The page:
LATISSIMUS DORSI flap reconstruction
Your latissimus dorsi muscle is located in your back, just below your shoulder and behind your armpit. It’s the muscle that helps you do twisting movements, such as swinging a racquet or golf club. An oval flap of skin, fat, muscle, and blood vessels from your upper back are used to reconstruct the breast in a latissimus dorsi flap procedure.
This flap is moved under your skin around to your chest to rebuild your breast. The blood vessels (artery and vein) of the flap are left attached to their original blood supply in your back. Because the flap contains a significant amount of muscle, a latissimus dorsi flap is considered a muscle-transfer type of flap. And while the skin on your back usually has a slightly different color and texture than breast skin, latissimus dorsi flap breast reconstruction usually looks very natural.
Because the donor site for the latissimus dorsi flap is closer to the chest than the donor sites for abdominal tissue flaps, and because the blood vessels in the back are usually strong, the latissimus dorsi flap may be a good reconstruction choice for women who are not good candidates for TRAM, DIEP, or SIEA flaps because of diabetes or other circulatory disease, or for women who smoke, or who plan to become pregnant.
The latissimus dorsi flap is a good option for women with small- to medium-size breasts because there’s usually not much fat on this part of the back. If you have larger breasts and your doctor recommends latissimus dorsi flap reconstruction because of your unique situation, you’ll probably need a saline or silicone implant to achieve your desired size.
A latissimus dorsi flap procedure leaves a scar on your back, but most surgeons try to place the incision so the scar is covered by your bra strap. Also, because a latissimus dorsi flap doesn’t involve abdominal surgery like the TRAM, DIEP, and SIEA flaps, the surgery is less involved and your recovery time is usually shorter.
While the latissimus dorsi flap can offer good results with few complications, it does have some drawbacks:
WHAT TO EXPECT
During latissimus dorsi flap reconstruction surgery, an incision is made in your back near your shoulder blade. Then, an oval section of skin, fat, blood vessels, and muscle are slid through a tunnel under the skin under your arm to your chest and formed into a breast shape. The blood vessels are left attached to their original blood supply in your back. If any blood vessels do have to be cut, they are matched to blood vessels in your chest and carefully reattached under a microscope.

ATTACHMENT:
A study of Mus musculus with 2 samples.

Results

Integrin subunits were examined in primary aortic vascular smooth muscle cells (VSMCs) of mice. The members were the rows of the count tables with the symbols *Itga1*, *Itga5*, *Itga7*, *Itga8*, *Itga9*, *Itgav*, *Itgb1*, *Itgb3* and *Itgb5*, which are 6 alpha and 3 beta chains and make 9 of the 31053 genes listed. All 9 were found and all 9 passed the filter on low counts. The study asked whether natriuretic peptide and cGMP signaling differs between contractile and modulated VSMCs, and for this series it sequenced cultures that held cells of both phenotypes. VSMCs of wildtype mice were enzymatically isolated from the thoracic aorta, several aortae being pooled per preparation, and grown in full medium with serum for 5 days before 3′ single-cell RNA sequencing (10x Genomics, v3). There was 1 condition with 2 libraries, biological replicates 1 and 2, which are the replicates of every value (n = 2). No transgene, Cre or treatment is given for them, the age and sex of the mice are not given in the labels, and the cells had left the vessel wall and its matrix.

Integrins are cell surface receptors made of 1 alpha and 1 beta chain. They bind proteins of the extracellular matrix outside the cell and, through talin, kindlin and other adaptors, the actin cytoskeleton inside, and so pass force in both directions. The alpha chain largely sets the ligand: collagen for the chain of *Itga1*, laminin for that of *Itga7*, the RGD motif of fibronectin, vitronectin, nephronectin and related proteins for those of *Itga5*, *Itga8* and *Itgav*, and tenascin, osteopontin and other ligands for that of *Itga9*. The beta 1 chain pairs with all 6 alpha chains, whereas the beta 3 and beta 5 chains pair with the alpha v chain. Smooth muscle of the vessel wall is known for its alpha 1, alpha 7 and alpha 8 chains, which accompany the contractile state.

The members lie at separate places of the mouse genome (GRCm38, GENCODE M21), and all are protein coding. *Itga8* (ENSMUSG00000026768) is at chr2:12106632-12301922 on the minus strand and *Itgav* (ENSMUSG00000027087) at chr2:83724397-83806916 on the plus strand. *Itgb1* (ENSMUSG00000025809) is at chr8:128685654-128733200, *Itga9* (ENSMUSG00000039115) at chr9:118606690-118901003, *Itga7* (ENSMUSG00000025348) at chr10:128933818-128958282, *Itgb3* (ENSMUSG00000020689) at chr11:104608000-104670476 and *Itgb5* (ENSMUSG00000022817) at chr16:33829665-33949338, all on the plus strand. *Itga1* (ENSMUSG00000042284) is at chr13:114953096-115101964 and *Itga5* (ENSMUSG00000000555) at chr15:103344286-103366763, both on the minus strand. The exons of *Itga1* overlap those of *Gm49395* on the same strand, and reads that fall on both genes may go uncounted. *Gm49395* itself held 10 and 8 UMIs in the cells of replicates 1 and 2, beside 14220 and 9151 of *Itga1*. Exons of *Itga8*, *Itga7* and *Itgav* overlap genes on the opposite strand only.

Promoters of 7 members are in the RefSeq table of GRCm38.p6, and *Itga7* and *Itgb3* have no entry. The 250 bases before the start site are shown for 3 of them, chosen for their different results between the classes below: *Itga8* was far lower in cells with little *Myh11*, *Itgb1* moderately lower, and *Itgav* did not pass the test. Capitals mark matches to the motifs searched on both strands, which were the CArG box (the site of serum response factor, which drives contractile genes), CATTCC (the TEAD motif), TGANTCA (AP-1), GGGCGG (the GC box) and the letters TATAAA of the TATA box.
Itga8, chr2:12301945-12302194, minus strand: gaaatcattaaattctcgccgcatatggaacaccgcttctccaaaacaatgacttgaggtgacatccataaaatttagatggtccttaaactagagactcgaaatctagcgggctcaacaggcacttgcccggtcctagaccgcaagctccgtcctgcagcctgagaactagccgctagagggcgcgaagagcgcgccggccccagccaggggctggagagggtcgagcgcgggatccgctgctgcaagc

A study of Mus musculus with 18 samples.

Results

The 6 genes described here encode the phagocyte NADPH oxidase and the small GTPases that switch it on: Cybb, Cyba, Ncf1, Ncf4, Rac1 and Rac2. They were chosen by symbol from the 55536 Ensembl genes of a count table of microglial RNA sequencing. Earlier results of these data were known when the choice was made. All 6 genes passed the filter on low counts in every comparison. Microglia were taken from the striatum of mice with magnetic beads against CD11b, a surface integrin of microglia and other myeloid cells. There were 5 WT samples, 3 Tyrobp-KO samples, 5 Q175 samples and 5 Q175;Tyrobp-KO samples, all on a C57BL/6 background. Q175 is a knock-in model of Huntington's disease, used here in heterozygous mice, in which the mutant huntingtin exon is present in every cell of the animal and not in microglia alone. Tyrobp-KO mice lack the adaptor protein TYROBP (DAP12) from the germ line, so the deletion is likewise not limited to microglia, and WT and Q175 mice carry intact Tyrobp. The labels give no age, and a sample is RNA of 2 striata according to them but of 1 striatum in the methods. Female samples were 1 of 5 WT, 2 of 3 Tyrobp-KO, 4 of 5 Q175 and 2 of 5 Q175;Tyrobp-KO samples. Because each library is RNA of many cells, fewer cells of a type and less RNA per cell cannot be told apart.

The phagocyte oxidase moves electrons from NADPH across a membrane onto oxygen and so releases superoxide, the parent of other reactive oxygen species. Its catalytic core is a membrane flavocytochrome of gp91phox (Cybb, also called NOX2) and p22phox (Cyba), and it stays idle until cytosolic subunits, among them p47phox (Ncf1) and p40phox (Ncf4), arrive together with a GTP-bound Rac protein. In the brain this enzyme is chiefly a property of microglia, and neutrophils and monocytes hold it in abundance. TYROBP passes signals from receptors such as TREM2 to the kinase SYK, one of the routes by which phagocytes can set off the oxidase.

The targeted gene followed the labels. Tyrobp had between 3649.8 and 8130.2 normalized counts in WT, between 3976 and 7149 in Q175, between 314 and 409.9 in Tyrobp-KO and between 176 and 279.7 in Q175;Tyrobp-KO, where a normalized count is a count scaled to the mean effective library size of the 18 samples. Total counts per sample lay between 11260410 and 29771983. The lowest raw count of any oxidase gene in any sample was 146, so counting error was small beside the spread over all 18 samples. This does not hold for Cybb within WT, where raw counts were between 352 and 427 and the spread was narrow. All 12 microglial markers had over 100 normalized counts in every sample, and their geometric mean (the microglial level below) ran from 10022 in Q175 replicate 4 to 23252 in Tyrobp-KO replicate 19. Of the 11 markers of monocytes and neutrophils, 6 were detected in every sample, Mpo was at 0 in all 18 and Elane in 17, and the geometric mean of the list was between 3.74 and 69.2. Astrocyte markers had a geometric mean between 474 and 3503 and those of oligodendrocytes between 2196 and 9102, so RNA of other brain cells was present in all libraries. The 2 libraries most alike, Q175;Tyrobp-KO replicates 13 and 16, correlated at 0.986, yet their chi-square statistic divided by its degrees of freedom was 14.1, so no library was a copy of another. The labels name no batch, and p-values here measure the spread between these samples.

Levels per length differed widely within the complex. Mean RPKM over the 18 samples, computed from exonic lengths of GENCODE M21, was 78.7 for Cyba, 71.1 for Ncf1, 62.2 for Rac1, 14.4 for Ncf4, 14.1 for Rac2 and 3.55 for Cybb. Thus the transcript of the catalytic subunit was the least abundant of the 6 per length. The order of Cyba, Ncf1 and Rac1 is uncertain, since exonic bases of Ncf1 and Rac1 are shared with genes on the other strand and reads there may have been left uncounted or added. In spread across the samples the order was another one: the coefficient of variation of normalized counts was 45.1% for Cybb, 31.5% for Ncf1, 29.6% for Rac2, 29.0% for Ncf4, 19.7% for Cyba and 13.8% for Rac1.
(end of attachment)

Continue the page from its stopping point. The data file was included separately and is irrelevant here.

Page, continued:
If you’re also receiving an implant, the surgeon will insert that as well. A latissimus dorsi flap procedure lasts about 3 or 4 hours.
For a latissimus dorsi flap, you usually stay in the hospital for about 4 days. After that it can take about 4 weeks to recover from the surgery. Because you’ve had surgery at two sites on your body (your chest and your back), you might feel worse than someone who had mastectomy alone and it will probably take you longer to recover. You’ll have to take care of two incisions: on your breast and your back. You may need to arrange for help to take care of the incision on your back.
Like all surgery, SIEA flap surgery has some risks. Many of the risks associated with SIEA flap surgery are the same as the risks for mastectomy. However, there are some risks that are unique to SIEA flap reconstruction.
In very rare instances, the tissue moved from your back to your breast area won’t get enough blood and some of the tissue might die. Doctors call this tissue breakdown necrosis. Some symptoms of tissue necrosis include pain and bleeding, the skin turning dark blue or black, numbness, and sores that ooze a bad-smelling discharge or pus. You also may run a fever or feel sick. If this happens, your surgeon can trim away the dead tissue. This is done in an operating room under general anesthesia. Because the latissimus dorsi flap stays attached to its original blood supply in your back, this type of reconstruction has less risk of tissue breakdown than either type of a free TRAM flap, a DIEP flap, or an SIEA flap.
Lumps in the reconstructed breast
If the blood supply to some of the fat used to rebuild your breast is cut off, the fat may be replaced by firm scar tissue that will feel like a lump. This is called fat necrosis. These fat necrosis lumps may or may not go away on their own. They also might cause you some discomfort. If the fat necrosis lumps don’t go away on their own, it’s best to have your surgeon remove them. After having mastectomy and reconstruction, it can be a little scary to find another lump in your rebuilt breast. Having them removed can give you greater peace of mind, as well as ease any discomfort you might have.
In some cases, you may have some weakness in your back, shoulder, or arm after latissimus dorsi flap breast reconstruction because some of your back muscle has been moved to your chest. You may have partial loss of strength or function that makes it hard to lift things and twist. This can affect your ability to perform certain swimming, golf, or tennis stokes, or turn and manipulate objects. If you have muscle weakness that is problematic, talk to your doctor to find out if there are exercises you can do to help strengthen the area.